Gest Of Robyn Hode A Anonymous ca

1508) Variously described as a folk ballad, tale, ryme, or talking, A Gest of Robyn Hode was, in its original form, orally recited or chanted by a minstrel. The poem survives in seven printed editions of the late 15th and 16th centuries, the most famous of which is the London edition by Wynkyn de Worde (ca. 1508). No manuscript survives, if one existed at all, and some scholars speculate that one of the early printers (perhaps Richard Pynson) may have composed the present text from preexisting literary and historical materials, including a miracle of the Virgin Mary, chronicles, romances, and other ballads. Also uncertain is the historical time depicted in the poem. Although the king in the last two parts is identified as "Edward our comly king," four different King Edwards reigned between 1272 and 1483. Some of the sources and analogues suggest the time of Edward II (1307-27), while others point to Edward III (1327-77) and possibly even to Edward IV (1461-83).

The 1,824-line poem is composed of 456 four-line stanzas, rhyming abcb, arranged in eight parts, or fyttes. The tale consists of three interwoven episodes of Robin Hood: the protagonist with a knight, with the sheriff of Nottingham, and with the king. A short epilogue describing Robin's murder by a prioress concludes the poem.

In the first episode, Robin helps a knight, later called Sir Richard at the Lee, to recover his mortgaged lands by lending him 400 pounds. After redeeming his lands from the scheming abbot of St. Mary's York, Sir Richard returns home to gather the money to repay Robin. He sets off a year later for Barnsdale in Yorkshire, but is delayed when he stops to rescue a yeoman at a wrestling match. While Robin is impatiently waiting for the knight to arrive, members of his band, Little John and Much, waylay a monk from the abbey that tried to steal the knight's lands and take him to Robin. After failing to tell the truth about how much money he is carrying, the monk is robbed of 800 pounds, twice the amount owed to Robin, who believes that the Virgin has repaid the debt twice over. When the knight finally arrives, Robin refuses the knight's payment and gives him half of the money taken from the monk. While the exact source has not been found, a miracle story about the Virgin Mary aiding a knight likely influenced this adventure, which is cleverly interlaced among three of the eight fyttes.

In the second episode, Little John, disguised as Reynold Greenleaf, takes service with the sheriff, and, together with the sheriff's cook, robs the sheriff of 300 pounds while he is hunting. Upon meeting the sheriff in the forest, Little John entices him into a trap by promising him a stag and a herd of deer. After being captured, the sheriff swears an oath that he will not harm Robin or his men if they release him, but later he attacks them following an archery tournament in Nottingham, and Little John is wounded. They escape to Sir Richard's castle, where they are offered sanctuary. Sir Richard is subsequently captured by the sheriff while he is out hawking; his wife pleads for Robin's help. Robin goes into town, shoots the sheriff with an arrow, and frees the knight. Since the first half of this section focuses on Little John, some scholars suggest that it was derived from a separate cycle of Little John tales, now lost.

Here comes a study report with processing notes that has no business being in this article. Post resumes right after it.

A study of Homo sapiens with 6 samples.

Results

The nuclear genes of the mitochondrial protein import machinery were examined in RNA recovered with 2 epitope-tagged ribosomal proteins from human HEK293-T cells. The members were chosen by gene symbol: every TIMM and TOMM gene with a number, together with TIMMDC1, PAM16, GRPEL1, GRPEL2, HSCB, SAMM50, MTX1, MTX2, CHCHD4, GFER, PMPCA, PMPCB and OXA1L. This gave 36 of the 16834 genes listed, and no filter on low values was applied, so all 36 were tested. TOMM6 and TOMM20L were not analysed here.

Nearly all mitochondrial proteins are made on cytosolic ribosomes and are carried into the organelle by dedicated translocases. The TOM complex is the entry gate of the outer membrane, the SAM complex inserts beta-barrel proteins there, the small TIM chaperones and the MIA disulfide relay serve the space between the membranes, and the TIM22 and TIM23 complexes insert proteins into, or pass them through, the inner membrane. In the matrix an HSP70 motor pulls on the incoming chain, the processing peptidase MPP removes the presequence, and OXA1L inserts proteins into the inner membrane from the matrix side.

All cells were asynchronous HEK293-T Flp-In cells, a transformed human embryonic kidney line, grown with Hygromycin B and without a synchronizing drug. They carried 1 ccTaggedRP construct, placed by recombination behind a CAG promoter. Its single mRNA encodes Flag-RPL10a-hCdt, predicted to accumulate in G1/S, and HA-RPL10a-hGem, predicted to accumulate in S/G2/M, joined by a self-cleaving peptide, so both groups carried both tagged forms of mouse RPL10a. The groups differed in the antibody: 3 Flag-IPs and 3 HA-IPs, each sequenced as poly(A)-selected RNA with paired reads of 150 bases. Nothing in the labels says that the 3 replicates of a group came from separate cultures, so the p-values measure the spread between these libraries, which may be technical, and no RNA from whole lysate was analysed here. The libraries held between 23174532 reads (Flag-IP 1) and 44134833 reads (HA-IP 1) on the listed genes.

In the third episode, the king, upon hearing of Robin's outlawry, goes to Nottingham to capture him and Sir Richard, but he searches in vain for six months. Upon the advice of a forester, he disguises himself as an abbot and is soon captured by Robin, who robs him of 40 pounds. When the disguised monarch shows Robin the king's seal, Robin exclaims that he loves no man in all the world as well as his king. After feasting together, Robin loses an archery game and receives a buffet or blow from the king, whom Robin finally recognizes and begs for a pardon. The king agrees on the condition that Robin and his men will enter his service and give up their outlawry. Robin serves the king for 15 months at court; then, on the pretext of visiting his chapel in Barnsdale, he returns to Yorkshire, where he spends the rest of his life until he is treacherously murdered by the prioress of Kirklees abbey. This section was likely adapted from a popular cycle of tales known as the "King and the Subject," in which the monarch tours his domain in disguise in order to find out what the commoners think of him.

A Gest of Robyn Hode marks a crucial stage in the social and economic transformation of late 15th-century England, when the urban yeomanry began to eclipse the lesser aristocracy in power, prestige, and wealth. As the designated hero of this emerging social class, Robin Hood proves his superiority to the knightly class, as represented by Sir Richard, by lending him the money to redeem his property; he also exposes and punishes the corrupt abbot and scheming sheriff.

See also "Birth of Robin Hood, The"; Robin Hood ballads; "Robin Hood's Death and Burial."